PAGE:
A presentation by Andrew Brons to Resistance Radio
If you look at a forest of trees, you will see the trees themselves – the trunks and the boughs but the roots might be completely invisible – deep beneath the ground. However, we know that the roots are there, because, without them, the trees would wither, die and eventually fall.
Political policies are just the same. They need their ideological roots or they will wither, die and become irrelevant and purposeless.
What are the roots of policies? Well, they fall into two categories:
Firstly, the descriptive statements – the is statements – statements of how the world and its peoples are seen; and
Secondly, the prescriptive statements – the ought statements – how the speaker believes the world and its peoples ought to be treated.
For us Nationalists, our key descriptive statement – our is statement is that nature/heredity sets the limits of influences on the differences between individuals and between population groups and that nurture, the environment, upbringing can influence only within those limits.
All of the parties outside the broad Nationalist Movement, as well as the media and most of the academic world, would deny this undoubtable truth. They follow the now almost compulsory line that differences between individuals and between population groups are attributable to nurture/ experience. They follow the line laid down by the so-called Social Anthropologists, Franz Boas and Margaret Mead. This is despite the fact that all the evidence shows that we are right and the Social Anthropologists are wrong.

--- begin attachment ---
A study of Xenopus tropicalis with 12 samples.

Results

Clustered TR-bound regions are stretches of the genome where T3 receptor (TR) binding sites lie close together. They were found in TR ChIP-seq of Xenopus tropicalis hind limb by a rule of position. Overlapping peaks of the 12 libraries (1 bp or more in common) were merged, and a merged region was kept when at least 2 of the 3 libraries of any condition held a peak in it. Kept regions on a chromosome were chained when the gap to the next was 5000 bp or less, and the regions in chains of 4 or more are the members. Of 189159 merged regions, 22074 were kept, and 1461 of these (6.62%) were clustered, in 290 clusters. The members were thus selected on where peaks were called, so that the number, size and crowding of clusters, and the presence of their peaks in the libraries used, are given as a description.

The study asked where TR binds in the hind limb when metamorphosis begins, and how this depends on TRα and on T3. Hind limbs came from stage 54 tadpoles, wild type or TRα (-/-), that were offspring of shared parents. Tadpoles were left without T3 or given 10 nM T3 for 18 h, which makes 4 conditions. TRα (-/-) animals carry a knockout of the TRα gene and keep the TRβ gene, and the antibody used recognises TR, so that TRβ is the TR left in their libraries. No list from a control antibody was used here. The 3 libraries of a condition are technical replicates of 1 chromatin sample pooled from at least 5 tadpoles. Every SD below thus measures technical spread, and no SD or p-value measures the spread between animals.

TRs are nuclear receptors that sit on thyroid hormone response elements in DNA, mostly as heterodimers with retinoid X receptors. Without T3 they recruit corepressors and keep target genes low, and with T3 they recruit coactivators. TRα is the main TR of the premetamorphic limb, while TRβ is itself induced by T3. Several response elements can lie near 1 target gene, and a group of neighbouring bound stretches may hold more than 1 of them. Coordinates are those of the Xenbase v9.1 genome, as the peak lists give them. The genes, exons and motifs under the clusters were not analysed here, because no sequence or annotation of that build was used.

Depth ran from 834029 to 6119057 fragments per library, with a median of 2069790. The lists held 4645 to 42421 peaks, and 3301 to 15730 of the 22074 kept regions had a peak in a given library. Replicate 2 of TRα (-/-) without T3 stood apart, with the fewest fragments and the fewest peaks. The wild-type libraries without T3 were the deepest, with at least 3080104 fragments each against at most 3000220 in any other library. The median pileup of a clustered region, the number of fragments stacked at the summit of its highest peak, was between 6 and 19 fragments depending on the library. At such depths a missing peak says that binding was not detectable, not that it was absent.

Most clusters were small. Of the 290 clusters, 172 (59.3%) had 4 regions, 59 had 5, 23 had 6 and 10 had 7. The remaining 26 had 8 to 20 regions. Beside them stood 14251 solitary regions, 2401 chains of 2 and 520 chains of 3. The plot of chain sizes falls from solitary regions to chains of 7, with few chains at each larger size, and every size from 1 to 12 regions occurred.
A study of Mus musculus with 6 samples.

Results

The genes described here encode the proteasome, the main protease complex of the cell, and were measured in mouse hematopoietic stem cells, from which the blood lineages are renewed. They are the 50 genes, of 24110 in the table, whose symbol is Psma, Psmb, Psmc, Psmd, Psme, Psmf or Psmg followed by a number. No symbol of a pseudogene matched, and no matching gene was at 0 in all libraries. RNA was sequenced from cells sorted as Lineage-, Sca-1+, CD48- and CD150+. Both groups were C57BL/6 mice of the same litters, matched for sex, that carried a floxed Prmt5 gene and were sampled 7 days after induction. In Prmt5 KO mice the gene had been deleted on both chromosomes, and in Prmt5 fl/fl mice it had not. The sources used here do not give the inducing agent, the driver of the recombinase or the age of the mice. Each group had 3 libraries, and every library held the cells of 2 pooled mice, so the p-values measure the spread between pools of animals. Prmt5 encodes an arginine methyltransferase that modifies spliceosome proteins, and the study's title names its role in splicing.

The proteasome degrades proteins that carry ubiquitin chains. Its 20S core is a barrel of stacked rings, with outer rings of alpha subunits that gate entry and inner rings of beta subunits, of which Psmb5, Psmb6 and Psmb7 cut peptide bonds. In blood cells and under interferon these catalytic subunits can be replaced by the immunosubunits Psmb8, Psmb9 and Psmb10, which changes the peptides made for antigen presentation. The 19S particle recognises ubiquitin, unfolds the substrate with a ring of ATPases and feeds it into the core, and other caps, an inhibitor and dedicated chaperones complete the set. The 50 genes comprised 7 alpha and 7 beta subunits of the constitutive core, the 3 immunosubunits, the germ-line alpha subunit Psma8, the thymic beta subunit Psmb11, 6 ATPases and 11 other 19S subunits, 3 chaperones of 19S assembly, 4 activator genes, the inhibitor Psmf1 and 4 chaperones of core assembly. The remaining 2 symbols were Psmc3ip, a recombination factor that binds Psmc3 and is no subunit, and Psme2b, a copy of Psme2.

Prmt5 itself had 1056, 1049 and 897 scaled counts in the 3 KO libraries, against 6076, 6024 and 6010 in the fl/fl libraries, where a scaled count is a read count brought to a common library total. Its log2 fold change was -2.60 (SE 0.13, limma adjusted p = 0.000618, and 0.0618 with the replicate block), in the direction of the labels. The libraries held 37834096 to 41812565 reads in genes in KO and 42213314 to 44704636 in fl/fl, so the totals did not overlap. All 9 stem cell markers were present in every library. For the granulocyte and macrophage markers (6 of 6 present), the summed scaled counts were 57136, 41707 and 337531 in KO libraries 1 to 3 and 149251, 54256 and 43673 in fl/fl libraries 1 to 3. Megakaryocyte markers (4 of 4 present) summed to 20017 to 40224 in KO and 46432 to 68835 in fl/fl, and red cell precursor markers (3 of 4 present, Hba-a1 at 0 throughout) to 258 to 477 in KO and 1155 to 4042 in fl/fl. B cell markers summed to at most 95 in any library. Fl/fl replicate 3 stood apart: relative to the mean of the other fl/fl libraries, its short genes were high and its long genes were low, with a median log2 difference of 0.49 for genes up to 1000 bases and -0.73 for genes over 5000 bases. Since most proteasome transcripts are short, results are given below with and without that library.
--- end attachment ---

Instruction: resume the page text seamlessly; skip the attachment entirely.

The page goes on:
This is relevant to immigration. If you bring in young African and Asian immigrants to compensate for falling indigenous birthrate, you do not turn them into substitute Britons after a brief citizenship ceremony. You turn more and more parts of Britain into Africa and Asia.
Our fundamental prescription is that the identity of our people is worth preserving. This is a primary value, desirable in itself, because it provides for all the mortal individuals who make up our population a collective immortality. However, it is also desirable, because it is supportive of other primary values. A homogeneous community is more stable, more tolerant of dissent more altruistic than a heterogeneous one. Furthermore, the survival of our people and the wider European people is vital for the continuation of our civilisation. Dilute or destroy the civilisation-creating and civilisation-maintaining population and you destroy the civilisation that is dependent on it.
Politicians who try to avoid addressing the question of the ideological roots of policies that they are considering will risk adopting misguided policies or having others – the Social Anthropologists – decide their ideologiocal roots for them.
That has been the problem with public policy for decades. Government policies have been based on false and misguided beliefs.